We may be entering an era of "pretty good" adult comedies. A silver age, if you will.
In the year 2012 alone, "Ted" was wickedly funny, "MIB 3" exceeded expectations, "21 Jump Street" showed off how to properly adapt nostalgia and "This Means War" had an admirable confidence. Some of it might be attributed to the rise of the comic book franchise and the reasonable need to counter-program against the monolithic commercial power of men in tights.
A portion of the phenomenon is likely due to the full-on embrace of the R-rated, and certainly credence must also be given to the amount of actors willing to crossover and tackle comedy, even given past dramatic success. Jonah Hill is a prime example -- he's an Oscar-nominated actor for his work in "Moneyball," but he's also willing to mix it up with Ben Stiller and company here in "The Watch."
The movie begins in the idyllic setting of Glenview, OH. Evan (Ben Stiller) is a busybody senior manager at Costco, having risen from the depths of junior manager over the course of a decade. Stiller has played a similar character in "Tower Heist" (yikes, do not watch) and in "The Fockers" series as well. Evan starts various local clubs, such as his running group; he's uber-socially conscious, pretty much living that suburban dream. He's married and his wife wants children.
Sure, this is a complete caricature, but "The Watch" is fairly upfront about keeping comedy the primary goal. Minimal character development will be attempted, though some will be, all in accordance with the 1985 Supreme Court ruling that stated we must have characters to "root" for, even in a clearly preposterous comedy about supernatural occurrences. "The Watch" will abide by that rule, but luckily for not more than about 25 percent of the film.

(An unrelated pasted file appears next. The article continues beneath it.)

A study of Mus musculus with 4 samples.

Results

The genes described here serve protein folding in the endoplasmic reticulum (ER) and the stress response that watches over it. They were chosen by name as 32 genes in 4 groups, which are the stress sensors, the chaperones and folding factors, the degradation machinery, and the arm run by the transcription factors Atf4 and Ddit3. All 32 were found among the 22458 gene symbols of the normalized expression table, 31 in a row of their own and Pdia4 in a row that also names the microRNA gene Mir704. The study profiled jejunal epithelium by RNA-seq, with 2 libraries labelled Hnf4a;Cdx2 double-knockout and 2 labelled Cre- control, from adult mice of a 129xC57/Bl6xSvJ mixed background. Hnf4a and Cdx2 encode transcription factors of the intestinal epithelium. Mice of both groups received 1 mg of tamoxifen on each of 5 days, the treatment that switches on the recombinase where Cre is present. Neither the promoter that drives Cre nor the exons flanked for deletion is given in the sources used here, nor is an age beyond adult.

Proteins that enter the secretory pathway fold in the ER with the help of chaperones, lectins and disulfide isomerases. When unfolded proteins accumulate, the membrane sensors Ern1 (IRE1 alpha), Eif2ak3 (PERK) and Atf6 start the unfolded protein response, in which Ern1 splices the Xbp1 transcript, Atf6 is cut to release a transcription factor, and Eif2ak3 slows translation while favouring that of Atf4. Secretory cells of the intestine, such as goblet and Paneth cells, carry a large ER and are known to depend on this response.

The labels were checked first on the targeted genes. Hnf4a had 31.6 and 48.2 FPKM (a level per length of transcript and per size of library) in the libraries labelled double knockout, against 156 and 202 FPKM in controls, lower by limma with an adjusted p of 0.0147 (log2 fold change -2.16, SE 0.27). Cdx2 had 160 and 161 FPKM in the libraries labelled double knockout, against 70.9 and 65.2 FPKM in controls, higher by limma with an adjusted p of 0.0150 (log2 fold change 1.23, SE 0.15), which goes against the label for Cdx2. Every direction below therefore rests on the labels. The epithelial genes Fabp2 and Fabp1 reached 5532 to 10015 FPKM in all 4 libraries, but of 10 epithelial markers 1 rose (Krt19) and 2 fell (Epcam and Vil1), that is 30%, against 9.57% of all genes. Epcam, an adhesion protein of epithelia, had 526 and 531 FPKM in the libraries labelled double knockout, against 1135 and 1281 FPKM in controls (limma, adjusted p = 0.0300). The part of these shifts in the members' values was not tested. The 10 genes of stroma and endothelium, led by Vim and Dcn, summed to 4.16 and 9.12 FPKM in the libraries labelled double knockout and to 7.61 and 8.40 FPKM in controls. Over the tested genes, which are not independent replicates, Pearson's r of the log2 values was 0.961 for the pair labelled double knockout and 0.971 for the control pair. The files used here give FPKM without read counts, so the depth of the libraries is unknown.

To get us rolling, a brutal murder transpires down at the Costco. Evan decides this aggression will not stand, and that it's time to form a neighborhood watch. As this is a movie, he's joined by Vince Vaughn, Jonah Hill and Richard Ayoade. Now, if you're like everyone else, you probably read that list and said "Yep, know him, and who?" Indeed, Richard Ayoade is a newcomer to the "buddy comedy" genre, but he's admirably excellent, a cross between Jemaine Clement and a Muppet. Comedy gold, that one, and he's also the writer/director behind the critically acclaimed "Submarine." Ayoade consistently scores with his deadpan delivery, and he fits right in with Stiller, Hill and Vaughn in terms of comedy reach. A very nice coup of casting, that.
Credit must also be doled out to Lonely Island alumnus Akiva Schaffer, who handles the directorial duties for "The Watch." This is his second feature film, after "Hot Rod," and while this isn't nearly as out there as his first film, it delivers steady comedy goodness.
What are the methods of its madness? A litany of inappropriate F-bombs light the way towards laughs, and the chemistry between the four leads is apparent and welcome. They constantly riff off each other, and the whole enterprise has the feel of sketch comedy, though it's likely they started with a skeleton script and allowed the gents to segue into improvisation after nailing a few good takes. Interestingly enough, Seth Rogen has a writing credit on "The Watch," and you'll definitely detect notes of "Superbad" and "Pineapple Express" throughout the brisk 98-minute running time.
Should you watch "The Watch"? Well, it's not nearly as bad as the premise would suggest, and there are 20 to 25 laughs to be had here. They aren't of the huge variety, but they are consistent, akin to a boxer with a solid jab... though missing that knockout punch. The effects were handled through a mix of practical and CGI, and though the film never reaches the lunacy of "Mars Attacks!" there are undertones of that film embedded in here too. Vintage old-school gangster rap is continually woven into the film, fully exposing the silliness of "suburban" toughness.
Would I take this in again after a nice Sunday brunch, or as part of a Vince Vaughn movie marathon? Certainly. You're in the hands of trained professionals here, and though it's never transformational, it's mostly amusing. Which counts!